Motorcycle Riding and Its Effects


Best Email Advices

Eliminating extra information from emails can help you reclaim a large portion of your workday, increase your productivity, and improve your chances of getting a reply.

The average worker spends 28 percent of their day reading and answering email, according to a 2012 study by New York City-based management consulting firm McKinsey and Company. Keeping emails brief and to the point can help you reclaim some of this time.

"Proper email is a balance between politeness and succinctness," says successful serial entrepreneur Guy Kawasaki, author of APE: Author, Publisher, Entrepreneur (Nononina Press, 2013). "Less than five sentences is often abrupt and rude, more than five sentences wastes time," he says.

As managing director of the venture capital firm Garage Technology Ventures, Kawasaki's inbox is often full, but the emails he sends are almost always five sentences or less. He shares four guidelines for how entrepreneurs can get to the point.

1. Your email should answer five simple questions

When you write an email, Kawasaki says it should provide just enough information to answer these five questions: Who are you? What do you want? Why are you asking me? Why should I do what you're asking? What is the next step?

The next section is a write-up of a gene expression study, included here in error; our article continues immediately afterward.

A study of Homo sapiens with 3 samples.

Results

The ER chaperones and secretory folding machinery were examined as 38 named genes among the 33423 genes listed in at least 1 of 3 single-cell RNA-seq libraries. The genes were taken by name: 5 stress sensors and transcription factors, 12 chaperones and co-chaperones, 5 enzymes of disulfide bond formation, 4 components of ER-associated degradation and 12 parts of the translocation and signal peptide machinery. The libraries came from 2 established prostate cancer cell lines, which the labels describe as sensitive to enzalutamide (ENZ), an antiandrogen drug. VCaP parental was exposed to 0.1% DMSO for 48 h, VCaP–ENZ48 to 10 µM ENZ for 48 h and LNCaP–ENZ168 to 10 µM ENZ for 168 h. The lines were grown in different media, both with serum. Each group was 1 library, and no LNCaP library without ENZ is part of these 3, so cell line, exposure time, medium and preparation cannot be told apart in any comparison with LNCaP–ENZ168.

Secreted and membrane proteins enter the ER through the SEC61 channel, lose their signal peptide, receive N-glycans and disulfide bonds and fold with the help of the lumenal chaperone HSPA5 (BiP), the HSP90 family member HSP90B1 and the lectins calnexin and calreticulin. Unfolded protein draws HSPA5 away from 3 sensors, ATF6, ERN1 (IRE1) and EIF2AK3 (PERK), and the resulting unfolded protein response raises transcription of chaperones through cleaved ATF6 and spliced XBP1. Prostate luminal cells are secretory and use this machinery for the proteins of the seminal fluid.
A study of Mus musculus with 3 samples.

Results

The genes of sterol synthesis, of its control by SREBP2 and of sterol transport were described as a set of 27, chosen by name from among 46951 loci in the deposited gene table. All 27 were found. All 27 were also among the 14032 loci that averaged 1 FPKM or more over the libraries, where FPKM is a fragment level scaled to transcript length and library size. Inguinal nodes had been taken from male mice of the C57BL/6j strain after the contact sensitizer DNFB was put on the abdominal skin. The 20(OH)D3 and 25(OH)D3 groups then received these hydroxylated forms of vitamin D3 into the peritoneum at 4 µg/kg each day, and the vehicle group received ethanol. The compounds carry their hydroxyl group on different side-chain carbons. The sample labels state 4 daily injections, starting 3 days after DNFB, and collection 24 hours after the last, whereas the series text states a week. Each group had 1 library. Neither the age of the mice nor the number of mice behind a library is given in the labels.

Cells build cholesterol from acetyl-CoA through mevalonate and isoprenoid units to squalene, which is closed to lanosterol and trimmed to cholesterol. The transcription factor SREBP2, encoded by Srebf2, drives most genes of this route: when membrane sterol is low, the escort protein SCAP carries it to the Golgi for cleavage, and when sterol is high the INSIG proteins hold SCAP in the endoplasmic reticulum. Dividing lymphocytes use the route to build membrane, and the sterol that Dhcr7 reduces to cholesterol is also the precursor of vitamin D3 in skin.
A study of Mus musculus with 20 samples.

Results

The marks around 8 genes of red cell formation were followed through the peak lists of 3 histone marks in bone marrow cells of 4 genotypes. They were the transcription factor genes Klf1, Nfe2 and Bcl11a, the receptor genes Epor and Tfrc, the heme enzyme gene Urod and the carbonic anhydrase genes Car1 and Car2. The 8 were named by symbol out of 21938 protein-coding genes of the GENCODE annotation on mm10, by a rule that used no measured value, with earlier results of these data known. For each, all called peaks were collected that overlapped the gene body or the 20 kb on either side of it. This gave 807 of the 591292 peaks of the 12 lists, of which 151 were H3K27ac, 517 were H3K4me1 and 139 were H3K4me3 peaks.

"This is all an intelligent person needs to know to make a decision," he says.

2. Cut out excessive details to get a response

Read your email over and take out any superfluous information before you hit send. People who feel a need to tell their life story probably believe their request is on shaky ground in the first place, says Kawasaki. But more information won't get the recipient to take action. "Long emails are either unread or, if they are read, they are unanswered," says Kawasaki. "Right now I have 600 read but unanswered emails in my inbox." 

3. Shorter emails will help you stay focused

Limiting yourself to five sentences forces you to think in a concise manner, helping you stay focused and save time. Shorter emails also allow the recipient to make a quick decision on what action to take, increasing the likelihood that you'll receive a reply.

If you want to encourage the recipient to reply in a similar fashion, web designer Mike Davidson created five.sentenc.es, a website that explains the philosophy and includes text you can copy and paste into your email signature.

4. Limit everything but the praise

Kawasaki says there is one exception to this brevity rule: "When you really don't want anything from the recipient and you simply want to heap praise and kindness upon her, then you can go on as long as you like!"